Facing a tough cut

Proposed state budget puts some drug and alcohol centers at risk
Sunday, February 27, 2005 | 12:00 a.m. CST; updated 6:38 p.m. CDT, Sunday, July 6, 2008

By 2003, John Pepper had abused drugs and alcohol for 41 years and spent 25 years in prison for a variety of crimes, from drug-dealing to burglary.

Pepper, 58, said he had struck bottom.

“I wasn’t a very nice person,” Pepper said of his demeanor before seeking treatment for his addiction.

Referred by Memorial Veterans Hospital, he received 70 days of treatment for substance abuse at Cedar Ridge Treatment Center in Linn Creek and came out clean.

These days, Pepper has a busy schedule: working a full-time job, attending church twice a week, speaking at a treatment center and volunteering at Truman Veterans Hospital. “I’m paying taxes. I’m giving back to the society,” Pepper said. “Now I have a life.”

Cedar Ridge Treatment Center, however, is in peril. Gov. Matt Blunt’s budget for fiscal year 2006 proposes cutting about $11.1 million from the Division of Alcohol and Drug Abuse. That would trigger a two-year loss of federal matching money: $12.9 million in 2006 and $16.5 million in 2007 respectively, according to the Missouri Department of Mental Health.

Area treatment programs would feel the impact: Cedar Ridge Treatment Center would close in 2006 or 2007. In Columbia, the McCambridge Center for Women, Daybreak Residential Center, Phoenix Programs and Drug and Research Development all would have to dramatically reduce their service.

“It’s interesting that Missouri has the reputation of being the No. 1 manufacturer of meth, and then we want to cut down drug and alcohol programs,” said David Veanes, director of Cedar Ridge Treatment Center. “That doesn’t make sense.”

At this moment, Veanes has a six-week waiting list for clients. Crowding has long been a problem for his center, which is the only agency of its kind in the Lake of the Ozarks area.

“We are still going to operate; however, we need to operate and continue to provide service” unless and until they’re forced to close, Veanes said. “There are men and women out there with active addictions. They need help.”

Pepper said he knew sometimes the center had to turn people away.

“And every time you turn a person away, you don’t know whether they may be back or not,” Pepper said. “They may die out there.”

Lawmakers in Jefferson City will review the proposed cuts as they develop a final budget before the legislative session ends in May. Lois Thomas of the Missouri Department of Mental Health said the potential impact of the cuts remains under study.

Substance-abuse treatment service providers said most of their patients are adult men who don’t receive Medicaid.

“They are fathers and husbands,” said Joel Putnam, education director for the Reality House, which is funded by the Missouri Department of Corrections and would not be affected by the cuts. “If we can get them clean and sober, they can help other members in their family become clean and sober and influence their children in prevention.”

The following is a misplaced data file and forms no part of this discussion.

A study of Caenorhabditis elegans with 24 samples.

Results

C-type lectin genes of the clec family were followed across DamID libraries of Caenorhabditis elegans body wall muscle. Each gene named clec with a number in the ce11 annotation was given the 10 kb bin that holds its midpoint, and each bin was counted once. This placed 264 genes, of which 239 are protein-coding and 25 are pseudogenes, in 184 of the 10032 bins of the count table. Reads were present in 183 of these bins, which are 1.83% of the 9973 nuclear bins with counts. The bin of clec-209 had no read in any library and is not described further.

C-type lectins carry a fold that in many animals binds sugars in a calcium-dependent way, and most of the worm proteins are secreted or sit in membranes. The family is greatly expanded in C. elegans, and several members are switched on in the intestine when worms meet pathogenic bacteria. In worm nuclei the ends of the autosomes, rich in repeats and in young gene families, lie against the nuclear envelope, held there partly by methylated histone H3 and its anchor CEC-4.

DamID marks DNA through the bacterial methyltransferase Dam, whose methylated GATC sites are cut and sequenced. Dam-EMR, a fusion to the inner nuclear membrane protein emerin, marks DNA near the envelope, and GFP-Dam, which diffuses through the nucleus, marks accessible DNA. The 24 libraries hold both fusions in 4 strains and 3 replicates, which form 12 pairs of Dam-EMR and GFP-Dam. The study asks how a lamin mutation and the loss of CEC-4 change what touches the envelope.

In Boone County, 1,409 people received treatment in 2003 for substance dependency and abuse. Two-thirds of them were men.

Most treatment providers have waiting lists three to four weeks long.

“When people come to treatment, they start to change their lifestyle,” Veanes said. “They can get jobs; they will start paying taxes. The treatment is important both at the local and state level.”

In a two-story blue building in downtown Columbia, Daybreak Treatment Center houses 10 treatment beds. In 2004, it admitted more than 100 people for treatment of substance abuse. For several months, clients spend eight hours a day in group activities or individual counseling.

Along with the McCambridge and Cedar Ridge centers, the Daybreak program also falls under the supervision of the Family Counseling Center, a Central Missouri non-profit corporation based in Columbia. Seventy-five percent of the Family Counseling Center’s income comes from the state and federal government.

Half of all substance-abuse patients rid themselves of dependence after a single round of treatment, Tacker said. Overall, five of six clients eventually free themselves of addiction.

At present, most of the six men and four women being treated at Daybreak are covered by Medicaid, program director Monique Frazier said. Most addiction patients in Missouri are not, however, and their payments vary with income level. The poorest among them get treatment paid for by the state, Frazier said.

Tacker said his greatest concern is that the governor’s budget would exclude everyone but Medicaid patients from getting treatment for addictions. That situation would be compounded by Blunt’s proposed cuts to the larger Medicaid program, which would remove about 90,000 people from Medicaid.

Tacker estimates 5 percent of Family Counseling Center Medicaid clients would lose Medicaid benefits under Blunt’s plan. At the same time, state-funding cuts might limit their chance of getting free treatment.

“It’s a terrible idea,” Tacker said. “It will cost the state money and will increase the amount of crime and amount of people who go to jail.”

Mental-health funding continues to decline even as the county’s population grows, said Roland Meinert, chairman of the Boone County Mental Health Board of Trustees. The trustees have had discussions about asking Boone County voters for a mental-health tax.

“I’m not sure whether the system is going to collapse, but it’s certainly approaching a crisis,” he said, adding that budget cuts usually eliminate prevention efforts.

In Missouri, state spending related to substance abuse was as high as $1.3 billion in 1998. Only 3 percent of that went toward prevention; the other 97 percent was put toward “shouldering the burden of substance abuse,” according to a 2001 survey by the National Center on Addiction and Substance.

Missourian reporter Karla Wentzel contributed to this report.